It was Christmas morning, but this Christmas was unlike any before. It was 1914, and thousands of soldiers were in the trenches as World War I was beginning to rage.
Yet, in the midst of the war and conflict, something beautiful emerged. Historians do not know exactly how it started. Some say it began with soldiers shouting Merry Christmas to those in trenches just a few hundred feet away. Others say that it began with one side singing Silent Night, while the other side responded by singing The First Noel, then both sides singing O Come All Ye Faithful in their own languages.
No matter how it started, there was a truce in the war, as men came together and celebrated Christmas with one another during the Christmas Truce of 1914. Gifts were exchanged, food was shared and soccer was played. Sadly, the days of peace were short-lived, as years of bloodshed followed not long after. Yet, the image of enemy soldiers coming together to celebrate Christmas is a striking one.
While we live in different times, does it not seem sometimes like our world is filled with conflict? Everywhere we turn we see hurt, pain and strife. We may not be in a physical war, but it is impossible not to notice the struggles that mark so much of life. Yet in the midst of that, Christmas is an invitation to experience something different: peace.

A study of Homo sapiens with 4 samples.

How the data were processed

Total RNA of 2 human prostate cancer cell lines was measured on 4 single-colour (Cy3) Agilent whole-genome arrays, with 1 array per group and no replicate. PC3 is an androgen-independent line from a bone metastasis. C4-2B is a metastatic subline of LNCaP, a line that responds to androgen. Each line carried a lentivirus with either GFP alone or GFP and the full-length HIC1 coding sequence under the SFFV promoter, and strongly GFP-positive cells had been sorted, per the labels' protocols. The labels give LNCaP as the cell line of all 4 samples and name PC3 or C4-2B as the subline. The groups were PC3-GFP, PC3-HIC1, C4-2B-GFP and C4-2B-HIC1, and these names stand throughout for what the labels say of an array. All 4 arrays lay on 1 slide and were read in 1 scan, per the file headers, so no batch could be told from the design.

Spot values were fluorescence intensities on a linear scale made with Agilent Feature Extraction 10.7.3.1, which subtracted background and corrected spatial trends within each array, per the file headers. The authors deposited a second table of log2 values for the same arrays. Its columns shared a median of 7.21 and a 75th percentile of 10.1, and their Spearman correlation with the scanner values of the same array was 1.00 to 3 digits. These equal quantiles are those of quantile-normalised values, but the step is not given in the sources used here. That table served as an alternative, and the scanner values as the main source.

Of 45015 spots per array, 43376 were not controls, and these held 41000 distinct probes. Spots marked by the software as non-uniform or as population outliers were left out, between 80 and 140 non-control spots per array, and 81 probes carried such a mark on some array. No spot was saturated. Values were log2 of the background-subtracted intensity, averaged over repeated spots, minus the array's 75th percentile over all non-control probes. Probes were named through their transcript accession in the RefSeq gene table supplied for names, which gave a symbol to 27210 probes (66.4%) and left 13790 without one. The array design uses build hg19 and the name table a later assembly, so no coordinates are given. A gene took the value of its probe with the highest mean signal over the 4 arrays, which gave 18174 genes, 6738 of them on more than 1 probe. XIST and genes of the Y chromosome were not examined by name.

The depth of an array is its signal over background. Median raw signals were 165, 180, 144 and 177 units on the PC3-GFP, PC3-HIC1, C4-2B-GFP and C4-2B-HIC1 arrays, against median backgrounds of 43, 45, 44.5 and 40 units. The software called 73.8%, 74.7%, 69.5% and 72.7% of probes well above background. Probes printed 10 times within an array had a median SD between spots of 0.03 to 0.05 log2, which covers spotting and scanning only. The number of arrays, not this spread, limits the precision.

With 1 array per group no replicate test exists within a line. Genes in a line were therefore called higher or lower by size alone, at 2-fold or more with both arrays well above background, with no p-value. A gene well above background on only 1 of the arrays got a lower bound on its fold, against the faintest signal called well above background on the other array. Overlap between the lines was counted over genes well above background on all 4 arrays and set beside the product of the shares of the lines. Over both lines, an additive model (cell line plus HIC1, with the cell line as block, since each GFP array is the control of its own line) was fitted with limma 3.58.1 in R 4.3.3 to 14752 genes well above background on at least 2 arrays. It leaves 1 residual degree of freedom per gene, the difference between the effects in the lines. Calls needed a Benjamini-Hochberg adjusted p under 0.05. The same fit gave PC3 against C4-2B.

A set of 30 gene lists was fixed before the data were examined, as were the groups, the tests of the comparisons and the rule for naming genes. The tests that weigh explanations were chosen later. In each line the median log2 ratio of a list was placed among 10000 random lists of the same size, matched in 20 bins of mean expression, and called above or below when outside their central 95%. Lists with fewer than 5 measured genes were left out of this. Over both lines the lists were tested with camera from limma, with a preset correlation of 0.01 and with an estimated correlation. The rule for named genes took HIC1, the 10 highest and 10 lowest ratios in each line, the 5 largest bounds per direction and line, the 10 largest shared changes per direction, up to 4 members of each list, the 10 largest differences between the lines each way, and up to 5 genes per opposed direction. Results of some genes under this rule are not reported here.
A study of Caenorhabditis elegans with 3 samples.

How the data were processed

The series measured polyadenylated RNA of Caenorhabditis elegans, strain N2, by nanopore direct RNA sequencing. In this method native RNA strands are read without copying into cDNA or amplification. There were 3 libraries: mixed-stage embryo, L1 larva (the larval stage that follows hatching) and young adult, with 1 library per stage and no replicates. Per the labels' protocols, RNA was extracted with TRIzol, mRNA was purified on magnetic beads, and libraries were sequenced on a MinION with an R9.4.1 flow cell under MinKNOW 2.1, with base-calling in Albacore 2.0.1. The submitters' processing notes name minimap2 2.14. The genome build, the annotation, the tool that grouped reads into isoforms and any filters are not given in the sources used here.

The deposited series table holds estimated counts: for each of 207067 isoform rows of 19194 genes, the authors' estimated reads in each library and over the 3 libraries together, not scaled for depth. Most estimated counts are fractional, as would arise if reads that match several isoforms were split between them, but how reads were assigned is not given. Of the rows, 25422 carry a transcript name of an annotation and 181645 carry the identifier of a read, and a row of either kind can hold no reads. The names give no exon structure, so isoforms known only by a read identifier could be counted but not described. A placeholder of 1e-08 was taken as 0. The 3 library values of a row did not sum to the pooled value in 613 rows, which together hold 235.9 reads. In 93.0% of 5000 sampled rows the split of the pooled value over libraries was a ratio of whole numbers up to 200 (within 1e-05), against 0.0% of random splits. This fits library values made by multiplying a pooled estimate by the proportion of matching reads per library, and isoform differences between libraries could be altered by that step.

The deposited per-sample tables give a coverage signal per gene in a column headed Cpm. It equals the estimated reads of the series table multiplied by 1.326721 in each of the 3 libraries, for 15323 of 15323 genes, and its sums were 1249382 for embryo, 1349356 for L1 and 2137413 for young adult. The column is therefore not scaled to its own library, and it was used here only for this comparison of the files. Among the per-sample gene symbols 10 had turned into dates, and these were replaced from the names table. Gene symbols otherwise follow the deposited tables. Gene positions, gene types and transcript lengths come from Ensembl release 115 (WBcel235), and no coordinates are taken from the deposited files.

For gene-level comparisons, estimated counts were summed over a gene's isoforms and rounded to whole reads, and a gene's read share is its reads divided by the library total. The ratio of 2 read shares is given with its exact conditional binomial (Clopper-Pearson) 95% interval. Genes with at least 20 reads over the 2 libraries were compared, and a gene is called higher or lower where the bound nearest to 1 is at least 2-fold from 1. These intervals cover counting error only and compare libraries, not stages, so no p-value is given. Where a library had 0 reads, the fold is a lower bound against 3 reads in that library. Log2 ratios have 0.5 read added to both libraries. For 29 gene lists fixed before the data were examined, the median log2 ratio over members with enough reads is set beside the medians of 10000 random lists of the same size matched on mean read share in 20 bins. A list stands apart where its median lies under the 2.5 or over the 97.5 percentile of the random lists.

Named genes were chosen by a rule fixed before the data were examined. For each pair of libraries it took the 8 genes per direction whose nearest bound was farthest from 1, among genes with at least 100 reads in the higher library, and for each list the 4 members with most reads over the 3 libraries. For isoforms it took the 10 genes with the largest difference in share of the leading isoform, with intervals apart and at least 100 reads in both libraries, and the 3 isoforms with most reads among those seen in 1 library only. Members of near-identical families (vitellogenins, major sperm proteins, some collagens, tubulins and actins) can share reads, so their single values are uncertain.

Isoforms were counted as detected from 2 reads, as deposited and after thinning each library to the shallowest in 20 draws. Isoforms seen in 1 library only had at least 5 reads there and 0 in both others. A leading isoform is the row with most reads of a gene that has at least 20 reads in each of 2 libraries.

The message of peace rings throughout the Christmas story. The prophecies foretelling the coming of the Messiah spoke of the peace that he would bring. On the night Jesus was born, the angels appeared to the shepherds outside Bethlehem and said that because of Jesus’ arrival there would be peace on earth.
Who among us wouldn’t want some peace this year? Yet his invitation to peace is even more incredible than it appears on the surface.
When we think of peace, we often mean simply the absence of conflict. It means no more arguing or fighting. Perhaps when you think of a peaceful Christmas you think of relatives getting along and no kids fighting. As great as that may be, when Jesus speaks of peace, he means something far more.
Rather than simply the absence of conflict, in Scripture peace is the presence of wholeness, relationship and harmony. It is not just the absence of something, but the rich presence of God with us.
Not only that, but the peace that Jesus promises is permanent. Unlike the moments of peace we may experience, and the moments of peace those soldiers experienced over 100 years ago, enduring wholeness and peace is available to every one of us. Peace can mark our lives not just during Christmas, but each day throughout the year.
This Christmas season, may we not only experience this kind of peace, but may we live out this peace in our lives as well. Merry Christmas!
Michael Best is the Lead Pastor at Morgan Hill Bible Church and a member of the Interfaith Clergy Alliance. He can be reached at [email protected].